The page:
Can I ask you an honest question? Why are you here, right now, reading this? Why have you chosen to spend time with us in this digital space?
Typically, when we ask people this, they say that our stories help them feel connected to real people around the world and reminds them that we aren’t as separate as we’re conditioned to believe.
The current global political climate tells us to fear and mistrust one another, online ‘social’ media divides us with algorithms and a false sense of connection, economic systems encourage growth at the expense of others, products are delivered to our doorstep so we don’t have to look into anyone’s eyes, and even many religious traditions reinforce a simplistic “us vs them” view of the world—it’s no wonder we all feel so separate!
So in this space, one of the most important things we can do is look into people’s eyes and feel a sense of real, human connection. We’re here to spur one another on, to offer encouragement and remind each other that the world is out there, and it’s worth remaking.
So today, let’s into the eyes of real people you’re serving in Syria, starting with Fadia.
Fadia is from a little wartorn town in east Damascus called Hamoriya, but now she lives in a shelter you’re supporting.
She cried as she shared her devastation—how the family couldn’t sleep from hunger and she didn’t know what she’d feed her son in the morning. Pain upon pain. She told us there were moments when she hoped her son would just die so his pain and hunger could end—a bitter mercy to end their suffering.
“The day we left Hamoriya and came to the shelter was a day from heaven,” she told us.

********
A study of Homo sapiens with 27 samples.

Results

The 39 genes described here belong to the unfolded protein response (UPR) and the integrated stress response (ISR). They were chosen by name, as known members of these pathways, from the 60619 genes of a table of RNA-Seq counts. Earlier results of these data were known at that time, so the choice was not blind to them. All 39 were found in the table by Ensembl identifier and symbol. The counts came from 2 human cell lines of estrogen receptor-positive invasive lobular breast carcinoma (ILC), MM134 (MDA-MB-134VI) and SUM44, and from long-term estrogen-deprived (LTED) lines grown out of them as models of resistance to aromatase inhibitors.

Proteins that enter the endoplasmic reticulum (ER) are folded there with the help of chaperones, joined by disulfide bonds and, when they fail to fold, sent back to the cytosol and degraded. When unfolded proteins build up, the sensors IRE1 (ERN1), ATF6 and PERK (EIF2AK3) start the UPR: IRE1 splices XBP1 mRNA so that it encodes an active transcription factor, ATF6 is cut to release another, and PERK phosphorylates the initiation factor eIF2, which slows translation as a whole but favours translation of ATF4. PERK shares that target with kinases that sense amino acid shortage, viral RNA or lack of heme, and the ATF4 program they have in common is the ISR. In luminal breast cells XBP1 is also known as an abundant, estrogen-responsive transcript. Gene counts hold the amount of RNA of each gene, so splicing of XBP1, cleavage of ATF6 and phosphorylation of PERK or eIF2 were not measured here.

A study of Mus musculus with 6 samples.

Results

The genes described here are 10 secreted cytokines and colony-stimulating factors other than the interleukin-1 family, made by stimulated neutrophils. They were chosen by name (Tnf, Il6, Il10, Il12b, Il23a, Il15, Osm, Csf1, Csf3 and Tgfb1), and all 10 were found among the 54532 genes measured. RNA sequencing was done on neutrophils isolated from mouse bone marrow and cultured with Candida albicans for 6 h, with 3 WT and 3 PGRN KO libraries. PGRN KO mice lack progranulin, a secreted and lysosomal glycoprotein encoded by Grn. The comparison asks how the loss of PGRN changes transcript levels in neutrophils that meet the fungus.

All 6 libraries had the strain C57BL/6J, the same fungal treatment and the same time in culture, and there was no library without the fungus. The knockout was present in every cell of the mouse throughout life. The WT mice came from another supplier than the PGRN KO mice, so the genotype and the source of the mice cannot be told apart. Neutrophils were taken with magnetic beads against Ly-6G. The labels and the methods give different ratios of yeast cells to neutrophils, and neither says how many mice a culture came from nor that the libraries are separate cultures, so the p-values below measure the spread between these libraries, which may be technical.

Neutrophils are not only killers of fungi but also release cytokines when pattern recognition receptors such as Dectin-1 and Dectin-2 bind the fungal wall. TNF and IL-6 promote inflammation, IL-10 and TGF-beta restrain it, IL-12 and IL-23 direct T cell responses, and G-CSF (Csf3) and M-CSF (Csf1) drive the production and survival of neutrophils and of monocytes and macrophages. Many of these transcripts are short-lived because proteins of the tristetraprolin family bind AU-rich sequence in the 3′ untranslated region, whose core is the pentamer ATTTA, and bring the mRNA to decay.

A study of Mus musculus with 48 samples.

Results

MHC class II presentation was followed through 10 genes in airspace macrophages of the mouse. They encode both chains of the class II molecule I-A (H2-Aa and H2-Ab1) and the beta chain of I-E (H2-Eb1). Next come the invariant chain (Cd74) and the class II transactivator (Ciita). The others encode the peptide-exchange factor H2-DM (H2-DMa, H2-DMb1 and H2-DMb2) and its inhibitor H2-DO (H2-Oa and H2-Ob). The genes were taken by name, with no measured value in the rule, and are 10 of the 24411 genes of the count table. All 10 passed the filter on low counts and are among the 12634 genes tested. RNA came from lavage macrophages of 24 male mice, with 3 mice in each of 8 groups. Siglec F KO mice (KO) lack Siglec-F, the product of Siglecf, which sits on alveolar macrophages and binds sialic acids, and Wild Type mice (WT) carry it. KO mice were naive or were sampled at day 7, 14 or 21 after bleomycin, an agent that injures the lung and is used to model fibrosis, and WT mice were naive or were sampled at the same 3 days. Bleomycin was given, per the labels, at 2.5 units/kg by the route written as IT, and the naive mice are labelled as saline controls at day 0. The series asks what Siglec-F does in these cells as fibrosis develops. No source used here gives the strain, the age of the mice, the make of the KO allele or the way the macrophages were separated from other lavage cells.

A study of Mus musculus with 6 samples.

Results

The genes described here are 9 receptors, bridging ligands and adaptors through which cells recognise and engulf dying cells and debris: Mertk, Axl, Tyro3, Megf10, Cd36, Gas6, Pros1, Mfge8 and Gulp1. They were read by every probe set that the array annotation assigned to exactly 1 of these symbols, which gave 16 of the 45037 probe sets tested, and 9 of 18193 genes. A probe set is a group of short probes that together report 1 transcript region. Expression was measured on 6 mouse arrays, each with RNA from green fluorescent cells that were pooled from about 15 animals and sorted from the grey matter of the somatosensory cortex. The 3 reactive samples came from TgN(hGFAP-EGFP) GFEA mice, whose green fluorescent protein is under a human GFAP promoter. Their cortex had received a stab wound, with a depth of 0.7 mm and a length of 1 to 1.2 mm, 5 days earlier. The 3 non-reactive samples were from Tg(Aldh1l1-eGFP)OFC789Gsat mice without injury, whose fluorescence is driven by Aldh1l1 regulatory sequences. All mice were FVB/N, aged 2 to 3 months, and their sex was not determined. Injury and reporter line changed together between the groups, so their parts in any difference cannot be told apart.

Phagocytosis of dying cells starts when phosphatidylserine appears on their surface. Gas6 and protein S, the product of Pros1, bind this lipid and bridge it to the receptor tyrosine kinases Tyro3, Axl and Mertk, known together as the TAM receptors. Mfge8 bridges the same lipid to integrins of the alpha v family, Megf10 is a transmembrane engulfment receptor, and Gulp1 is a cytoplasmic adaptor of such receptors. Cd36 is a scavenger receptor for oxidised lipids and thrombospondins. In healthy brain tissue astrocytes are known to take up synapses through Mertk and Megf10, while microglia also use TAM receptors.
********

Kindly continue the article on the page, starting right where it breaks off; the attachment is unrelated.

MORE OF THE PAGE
After escaping her home with her husband and son, Fadia decided to apply for a job at this shelter.
When many people cook, they probably don’t think much of it.
“Hopefully it tastes ok.”
“Hopefully it isn’t burned or too salty.”
“Hopefully I can get my kids to eat it.”
When Fadia cooks, she cooks knowing what it’s like to starve—and to watch her own child starve. So she cooks as a matter of life and death. She serves her fellow Syrians as a way to both support her own family and make sure other people have the options she didn’t.
You are helping make this possible today, and we can’t thank you enough!
Mahmood has work, something to put his hands to, and when you haven’t had purposeful work in awhile, it’s hard to express just how important that is.
He is glad to help out in the shelter kitchen—a project you’re helping support for families fleeing from Douma, the area of the alleged chemical gas attacks. Mahmood escaped and found our shelter where he applied for a job to support his wife, parents, and four children.
He told us the work makes him happy because it allows him to help feed his relatives and neighbors who went through such terrible experiences in their village. But he also let us know that, while things are improving, his family is still struggling. Each person only has one set of clothes, which they wash each evening to re-wear the next day.
This is Nabeel, another man who escaped the fighting with his family and found safety in the shelter you’re helping support.
Things took a dark turn when extremist militias took control of Nabeel’s village, and he and his family are still recovering from the nightmare. His brother was shot in cold blood when he refused to join an Al Qaeda-linked militia, and the rest of the family was deprived of food and regularly pressured into joining extremists.
You’ve seen young men on the news or in horrifying ISIS propaganda videos who did join the extremists—well this is Nabeel, he didn’t join them, and it cost him.
“People were insulted and forced to live like animals,” Nabeel told us. Local militias increased the price of goods in Nabeel’s village, making life more difficult for the people. Nabeel even had to sell his house just to afford food so the family didn’t starve.
Thankfully, Nabeel told us he is much happier than he has been in a long time. He said he feels productive, his self-esteem is up, and he feels safe and secure now that he escaped Ghouta and has work.
“I only have one child and I couldn’t provide for him. I really wonder how people with five or more children managed.”
These three people are just a few of the thousands you’re helping in Syria right now. We wish we could introduce you to each and every one of them. We wish you could look into their eyes, shake their hand, and share a meal with them.
The truth is that we are deeply connected to these men and women and children in our shared humanity. We hope you feel that connection today and that it encourages you, inspires you, and moves you to love them more deeply.